As the state of New Jersey demonstrates, punishing tax policies have other serious consequences:
More than $70 billion in wealth left New Jersey between 2004 and 2008 as affluent residents moved elsewhere, according to a report released Wednesday that marks a swift reversal of fortune for a state once considered the nation’s wealthiest.
“This study makes it crystal clear that New Jersey’s tax policies are resulting in a significant decline in the state’s wealth,” said Dennis Bone, chairman of the New Jersey Chamber of Commerce and president of Verizon New Jersey.
The report was commissioned by the state Chamber of Commerce and the Community Foundation of New Jersey to study the effects of wealth migration on charitable giving after executives noticed more affluent philanthropists were moving away. Wealth includes assets such as real estate, stocks, bonds, 401ks, mutual funds and vehicles.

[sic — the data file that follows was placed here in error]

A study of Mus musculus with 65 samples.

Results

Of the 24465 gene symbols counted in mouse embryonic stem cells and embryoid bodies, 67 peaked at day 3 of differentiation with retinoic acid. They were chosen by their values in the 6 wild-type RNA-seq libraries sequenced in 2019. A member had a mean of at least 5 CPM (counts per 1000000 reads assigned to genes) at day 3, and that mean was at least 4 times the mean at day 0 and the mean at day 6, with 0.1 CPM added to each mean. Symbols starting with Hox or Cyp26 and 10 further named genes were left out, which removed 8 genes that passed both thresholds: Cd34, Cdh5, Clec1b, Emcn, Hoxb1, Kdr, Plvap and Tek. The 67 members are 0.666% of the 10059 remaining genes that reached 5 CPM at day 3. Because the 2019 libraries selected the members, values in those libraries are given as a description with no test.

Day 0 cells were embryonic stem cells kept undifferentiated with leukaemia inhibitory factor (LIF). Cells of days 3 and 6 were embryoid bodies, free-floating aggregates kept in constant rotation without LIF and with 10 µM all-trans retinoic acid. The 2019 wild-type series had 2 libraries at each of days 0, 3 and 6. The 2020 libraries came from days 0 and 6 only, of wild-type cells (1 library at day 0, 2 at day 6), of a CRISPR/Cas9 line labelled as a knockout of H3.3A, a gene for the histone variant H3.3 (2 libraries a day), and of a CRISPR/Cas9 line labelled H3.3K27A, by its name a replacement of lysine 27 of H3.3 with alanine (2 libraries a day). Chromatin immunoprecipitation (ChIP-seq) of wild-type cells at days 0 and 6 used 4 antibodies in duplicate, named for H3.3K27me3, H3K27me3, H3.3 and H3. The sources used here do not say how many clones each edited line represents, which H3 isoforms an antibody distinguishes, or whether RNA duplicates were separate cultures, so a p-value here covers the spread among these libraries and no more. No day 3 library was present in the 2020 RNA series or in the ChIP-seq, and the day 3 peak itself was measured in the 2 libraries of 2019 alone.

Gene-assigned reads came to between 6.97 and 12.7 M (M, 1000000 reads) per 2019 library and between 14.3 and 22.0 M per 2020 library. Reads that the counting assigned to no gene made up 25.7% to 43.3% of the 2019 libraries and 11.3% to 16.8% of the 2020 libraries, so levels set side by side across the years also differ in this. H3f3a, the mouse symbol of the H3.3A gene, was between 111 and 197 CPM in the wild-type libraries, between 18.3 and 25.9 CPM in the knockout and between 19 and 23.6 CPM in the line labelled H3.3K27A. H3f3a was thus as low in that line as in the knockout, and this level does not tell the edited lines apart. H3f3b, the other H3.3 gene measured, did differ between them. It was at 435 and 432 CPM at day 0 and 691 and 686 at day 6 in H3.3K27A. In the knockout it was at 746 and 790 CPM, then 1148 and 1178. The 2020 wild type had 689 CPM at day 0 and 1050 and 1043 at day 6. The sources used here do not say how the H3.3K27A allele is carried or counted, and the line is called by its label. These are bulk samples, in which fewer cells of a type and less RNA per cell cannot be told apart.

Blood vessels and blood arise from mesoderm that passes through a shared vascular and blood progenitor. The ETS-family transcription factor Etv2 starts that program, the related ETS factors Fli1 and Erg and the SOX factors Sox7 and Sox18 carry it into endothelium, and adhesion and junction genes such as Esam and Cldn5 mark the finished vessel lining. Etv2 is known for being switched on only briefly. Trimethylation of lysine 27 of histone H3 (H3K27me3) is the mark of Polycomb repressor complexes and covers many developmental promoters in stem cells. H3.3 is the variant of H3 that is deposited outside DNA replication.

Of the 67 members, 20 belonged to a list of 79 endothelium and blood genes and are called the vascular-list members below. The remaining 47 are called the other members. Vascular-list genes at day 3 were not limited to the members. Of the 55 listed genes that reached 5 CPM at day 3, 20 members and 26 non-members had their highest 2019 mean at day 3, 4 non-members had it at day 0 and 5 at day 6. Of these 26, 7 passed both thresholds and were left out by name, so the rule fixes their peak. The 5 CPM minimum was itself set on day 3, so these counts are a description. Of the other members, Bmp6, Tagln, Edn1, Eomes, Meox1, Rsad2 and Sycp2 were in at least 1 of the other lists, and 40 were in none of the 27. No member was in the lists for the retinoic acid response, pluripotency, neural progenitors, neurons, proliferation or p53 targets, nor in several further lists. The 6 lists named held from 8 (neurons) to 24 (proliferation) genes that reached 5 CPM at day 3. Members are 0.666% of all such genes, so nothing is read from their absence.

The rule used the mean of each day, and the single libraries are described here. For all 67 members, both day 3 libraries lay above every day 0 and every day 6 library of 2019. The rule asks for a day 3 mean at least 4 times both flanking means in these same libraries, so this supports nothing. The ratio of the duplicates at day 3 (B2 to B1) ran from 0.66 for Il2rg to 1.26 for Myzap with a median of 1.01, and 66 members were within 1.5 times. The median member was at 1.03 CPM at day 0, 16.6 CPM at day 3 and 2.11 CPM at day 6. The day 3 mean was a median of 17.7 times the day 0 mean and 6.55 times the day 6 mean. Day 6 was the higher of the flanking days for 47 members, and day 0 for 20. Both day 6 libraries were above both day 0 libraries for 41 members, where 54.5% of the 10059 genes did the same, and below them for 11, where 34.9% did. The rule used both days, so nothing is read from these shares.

But economists say there are many other implications for the state’s financial health.
Wealthy residents are a key driver for everything from job creation and consumer spending to the real estate market and the state budget, said Jim Hughes, dean of the Edward J. Bloustein School of Planning and Public Policy at Rutgers University. In New Jersey, the top 1 percent of taxpayers pay more than 40 percent of the state’s income tax, he said.
“That’s probably why we have these massive income shortfalls in the state budget, especially this year,” he said.
Until the tax structure is improved, he said, “we’ll probably see a continuation of the trend, until there are no more high-wealth individuals left.”
And when all the "rich" have left New Jersey, who will pay the bills? As one commenter on the story quipped, "Last one out of New Jersey, turn off the lights!"